God and Love

     Love and God are two magnificent entities that we cannot see with our physical eyes. Yet we know that both are real. That knowledge comes by faith. “Now faith is the substance of things hoped for, the evidence of things not seen” (Hebrews 11:1). Knowledge that comes via evidence is trustworthy if the source of that evidence is truthful. Our faith arises from the evidence of the existence of God in this world (Psalms 19:1, Romans 1:18-22). To deny the existence of God on the grounds that no one has seen Him is to act the fool (Psalm 14:1).

     That last is a strong statement. I once denied the existence of God on the basis of the lack of empirical evidence. I am glad I learned to think better. Consider the thing we call love. We do not know love as a quantity; we only know it as a quality. We cannot go to any store and buy a pound or a quart of it. Yet we know that love is real. The reality of love transcends physical reality. It is expressed by people in life but its existence goes far beyond this temporal life.

     We know that love is tied to God. God is love (1 John 4:8). Jesus told the lawyer: “You shall love the Lord your God with all your heart, with all your soul and with all your mind” (Matthew 22:37). Without love, no matter what else we may be or do, we are nothing (1 Corinthians 13).

     One of the problems we face in our times is the refusal of the larger culture to use language properly. The English word love is just about meaningless these days. In order to make sense when we talk about love in our language we use adjectives. The Greek language of the New Testament used a different approach. That language has a word for physical love, a word for family love, and a word for friendship love. It also has a word that Jesus took and used to describe the foundation of meaningful life here and hereafter: that word is “agape.” That is the word translated “charity” in the KJV in 1 Corinthians 13. It is the word in John 3:16. It is the one love that knows no boundary because it is not tied to anything physical. It is real as anything can be: its reality is spiritual.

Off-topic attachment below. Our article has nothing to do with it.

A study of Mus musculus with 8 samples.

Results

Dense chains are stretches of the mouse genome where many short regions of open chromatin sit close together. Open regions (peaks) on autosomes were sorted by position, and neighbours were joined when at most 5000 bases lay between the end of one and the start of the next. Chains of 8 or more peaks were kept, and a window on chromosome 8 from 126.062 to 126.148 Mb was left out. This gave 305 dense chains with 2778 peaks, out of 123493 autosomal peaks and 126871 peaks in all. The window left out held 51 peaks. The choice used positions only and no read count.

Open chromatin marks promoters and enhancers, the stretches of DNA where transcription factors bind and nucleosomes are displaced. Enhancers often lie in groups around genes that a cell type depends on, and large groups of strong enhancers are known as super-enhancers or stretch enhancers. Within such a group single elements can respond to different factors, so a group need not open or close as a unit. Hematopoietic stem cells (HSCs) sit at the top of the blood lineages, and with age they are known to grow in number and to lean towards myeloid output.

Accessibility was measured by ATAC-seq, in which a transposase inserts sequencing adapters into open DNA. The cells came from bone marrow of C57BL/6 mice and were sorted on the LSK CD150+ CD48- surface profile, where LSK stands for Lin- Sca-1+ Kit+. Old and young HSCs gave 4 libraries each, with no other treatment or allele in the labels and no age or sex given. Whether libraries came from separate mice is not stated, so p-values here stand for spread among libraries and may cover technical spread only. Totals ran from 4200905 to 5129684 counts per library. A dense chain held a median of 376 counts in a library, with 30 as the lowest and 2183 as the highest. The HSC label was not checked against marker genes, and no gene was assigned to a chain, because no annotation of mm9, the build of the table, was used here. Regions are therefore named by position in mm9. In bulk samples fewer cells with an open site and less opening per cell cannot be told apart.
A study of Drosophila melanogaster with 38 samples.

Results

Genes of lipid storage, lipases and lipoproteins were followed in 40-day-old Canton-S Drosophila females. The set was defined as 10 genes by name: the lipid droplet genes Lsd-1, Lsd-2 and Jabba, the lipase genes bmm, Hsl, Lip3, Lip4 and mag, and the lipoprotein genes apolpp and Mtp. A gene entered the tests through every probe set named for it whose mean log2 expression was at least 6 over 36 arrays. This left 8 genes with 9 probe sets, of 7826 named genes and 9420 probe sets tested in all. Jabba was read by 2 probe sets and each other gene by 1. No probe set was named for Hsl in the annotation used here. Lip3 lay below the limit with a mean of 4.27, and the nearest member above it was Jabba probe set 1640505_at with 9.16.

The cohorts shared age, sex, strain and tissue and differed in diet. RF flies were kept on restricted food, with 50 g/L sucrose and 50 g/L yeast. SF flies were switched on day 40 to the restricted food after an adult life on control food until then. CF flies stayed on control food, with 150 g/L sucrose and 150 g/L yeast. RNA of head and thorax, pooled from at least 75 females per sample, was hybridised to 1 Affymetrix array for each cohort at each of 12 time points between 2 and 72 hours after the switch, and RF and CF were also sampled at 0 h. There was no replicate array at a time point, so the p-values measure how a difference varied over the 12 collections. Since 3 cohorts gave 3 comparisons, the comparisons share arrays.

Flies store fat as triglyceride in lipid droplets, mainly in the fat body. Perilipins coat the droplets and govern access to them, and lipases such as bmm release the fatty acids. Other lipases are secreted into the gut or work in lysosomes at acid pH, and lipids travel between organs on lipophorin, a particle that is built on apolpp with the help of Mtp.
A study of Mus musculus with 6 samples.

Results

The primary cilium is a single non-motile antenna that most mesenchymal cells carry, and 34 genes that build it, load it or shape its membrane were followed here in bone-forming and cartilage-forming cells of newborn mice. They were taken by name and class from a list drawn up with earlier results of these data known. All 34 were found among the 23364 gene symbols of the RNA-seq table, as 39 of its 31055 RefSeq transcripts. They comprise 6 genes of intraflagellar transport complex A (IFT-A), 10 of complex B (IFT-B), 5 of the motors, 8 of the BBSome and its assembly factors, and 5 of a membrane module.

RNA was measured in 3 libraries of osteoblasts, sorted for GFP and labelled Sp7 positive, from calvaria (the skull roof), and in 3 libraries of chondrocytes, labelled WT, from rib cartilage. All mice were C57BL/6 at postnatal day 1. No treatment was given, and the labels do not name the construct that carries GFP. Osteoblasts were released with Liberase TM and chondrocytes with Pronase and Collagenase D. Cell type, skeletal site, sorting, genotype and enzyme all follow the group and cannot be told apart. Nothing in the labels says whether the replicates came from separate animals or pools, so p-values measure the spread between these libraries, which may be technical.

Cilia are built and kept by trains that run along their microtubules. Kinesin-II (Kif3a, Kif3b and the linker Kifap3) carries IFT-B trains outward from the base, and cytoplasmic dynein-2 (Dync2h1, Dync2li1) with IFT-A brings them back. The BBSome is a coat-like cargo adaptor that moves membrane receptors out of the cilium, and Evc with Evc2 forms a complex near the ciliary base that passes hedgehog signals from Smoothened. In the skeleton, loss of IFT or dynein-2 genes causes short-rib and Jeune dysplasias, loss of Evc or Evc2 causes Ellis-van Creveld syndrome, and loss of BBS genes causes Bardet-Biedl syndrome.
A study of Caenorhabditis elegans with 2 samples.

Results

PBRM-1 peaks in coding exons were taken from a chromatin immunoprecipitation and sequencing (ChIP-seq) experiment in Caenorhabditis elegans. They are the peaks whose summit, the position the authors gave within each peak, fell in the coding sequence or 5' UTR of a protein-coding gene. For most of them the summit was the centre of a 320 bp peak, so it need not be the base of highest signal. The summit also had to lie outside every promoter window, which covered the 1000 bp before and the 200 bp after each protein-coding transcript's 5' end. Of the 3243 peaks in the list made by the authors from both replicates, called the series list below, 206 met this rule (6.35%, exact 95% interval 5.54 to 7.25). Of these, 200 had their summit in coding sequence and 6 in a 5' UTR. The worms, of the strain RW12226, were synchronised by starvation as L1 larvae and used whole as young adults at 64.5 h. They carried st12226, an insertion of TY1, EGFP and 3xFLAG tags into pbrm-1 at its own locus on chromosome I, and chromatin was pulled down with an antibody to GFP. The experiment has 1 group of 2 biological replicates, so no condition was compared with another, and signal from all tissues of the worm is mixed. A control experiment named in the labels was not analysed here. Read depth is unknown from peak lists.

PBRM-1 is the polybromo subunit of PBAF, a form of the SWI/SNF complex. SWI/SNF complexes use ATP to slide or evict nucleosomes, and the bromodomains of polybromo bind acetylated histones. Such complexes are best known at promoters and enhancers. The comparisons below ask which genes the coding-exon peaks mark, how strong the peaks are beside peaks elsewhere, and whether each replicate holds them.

Love is exemplified in the action of God in at least three ways. First there is creation (Genesis 1:1, 1:27). I have heard young people argue with their parents from time to time and use an expression that I find frightening and foolish: “I didn’t ask to be born!” While this may be an expression of angst and momentary depression it is nonetheless a very foolish thing to say. Life here is the only access we have to eternity. This life is how we come to obey God. Creation, then is a great expression of love because by it we come to know life.

     God also shows us His love by edification. He teaches us. “The heavens declare the glory of God, and the firmament shows His handiwork” (Psalm 19:1). As David said, “I will praise You, for I am fearfully and wonderfully made” (Psalm 139:14). As we noted above, the physical world testifies to the existence of God (Romans 1:18ff). Not only that, but the details of His creation drive us to appreciate the majesty of His existence and the power of His thinking. God’s nature edifies us to these general realities. His Word, the Bible, provides edification about the specifics of His existence and ours.

     Thankfully, God exemplifies His love for us in His provision of salvation. “For God so loved the world…” (John 3:16). “But God commended His love toward us, in that, while we were yet sinners,
Christ died for us” (Romans 5:8). We all live “…by the faith of the Son of God, who loved me and gave Himself for me” (Galatians 2:20).

     So we know that God is love (1 John 4:8). And we know His love for us is real. And we know our duty in response to that love is to do His will (John 14:15). God loves you today. Do you love God today?